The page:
Impact of Echocardiographic Parameters on Mortality in ICU Patients Undergoing CRRT

Session Information

Category: Acute Kidney Injury

  • 102 AKI: Clinical, Outcomes, and Trials


  • Kompotiatis, Panagiotis, Mayo Clinic, Rochester, Minnesota, United States
  • Wiley, Brandon M., Mayo Clinic, Rochester, Minnesota, United States
  • Jentzer, Jacob, Mayo Clinic, Rochester, Minnesota, United States
  • Kashani, Kianoush, Mayo Clinic, Rochester, Minnesota, United States

Echocardiographic abnormalities have been associated with adverse outcomes in various Intensive care unit (ICU) populations. However, the impact of echocardiographic abnormalities on the prediction of mortality in patients undergoing continuous renal replacement therapy (CRRT) has not been examined.


Historical cohort study of consecutive adults admitted to the ICUs at one tertiary care hospital from December 2006, through November 2015 who underwent CRRT and had an echocardiogram done within 7 days of CRRT initiation. The primary outcome was 30-day death rate. Logistic regression was used to determine predictors of 30-day mortality.


We included 1,276 patients, 1,040 (81.5%) with acute kidney injury (AKI) and 236 (18.5%) with end-stage renal disease (ESRD). Median patient age was 63 (IQR 53-73) years, and 514 (40%) were female, median Charlson score was 5 (IQR 3-7), and median SOFA score on the day of CRRT initiation was 12 (IQR 10-14). Echocardiographic parameters associated with 30-day mortality on univariate analysis included: Moderate or greater right ventricular (RV) dysfunction (OR 1.47, 95% CI: 1.08-1.60), moderate or greater tricuspid regurgitation (OR 1.67, 95% CI: 1.26 – 2.21) and right ventricular systolic pressure (RVSP) (OR 1.12 per 10 mmHg increase, 95% CI: 1.02-1.23). RV dysfunction (OR 1.54, 95% CI: 1.02-2.32) and tricuspid regurgitation (OR 1.55, 95% CI:1.02-2.32) remained significantly associated with 30-day mortality after adjusting for age, sex, SOFA score, Charlson comorbidity index, need for mechanical ventilation, type of ICU, fluid balance and AKI vs. ESRD using logistic regression analysis.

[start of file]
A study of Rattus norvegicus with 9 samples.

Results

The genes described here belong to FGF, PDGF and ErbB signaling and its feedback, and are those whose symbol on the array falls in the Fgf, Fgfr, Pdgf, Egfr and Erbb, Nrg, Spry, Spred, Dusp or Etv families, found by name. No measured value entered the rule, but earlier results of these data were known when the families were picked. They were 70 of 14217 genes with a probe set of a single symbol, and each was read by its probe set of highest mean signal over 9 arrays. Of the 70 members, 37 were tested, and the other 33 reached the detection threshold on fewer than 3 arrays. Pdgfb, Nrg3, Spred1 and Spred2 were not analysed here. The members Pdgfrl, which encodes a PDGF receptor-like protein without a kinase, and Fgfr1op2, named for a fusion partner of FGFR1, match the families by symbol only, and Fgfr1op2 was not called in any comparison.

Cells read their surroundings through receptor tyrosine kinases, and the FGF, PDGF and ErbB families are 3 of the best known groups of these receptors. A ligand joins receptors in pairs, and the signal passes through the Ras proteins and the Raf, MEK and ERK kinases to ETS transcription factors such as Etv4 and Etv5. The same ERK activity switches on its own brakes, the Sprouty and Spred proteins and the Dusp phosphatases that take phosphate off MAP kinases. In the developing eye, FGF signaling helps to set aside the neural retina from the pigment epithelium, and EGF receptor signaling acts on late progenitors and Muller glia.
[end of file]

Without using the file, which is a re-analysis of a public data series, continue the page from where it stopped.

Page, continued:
RV dysfunction and tricuspid regurgitation are associated with increased mortality in patients undergoing CRRT, emphasizing the importance of cardiorenal syndrome among critically-ill patients. Further study will be needed to determine if RV dysfunction is a risk marker or a modifiable risk factor in this patient population.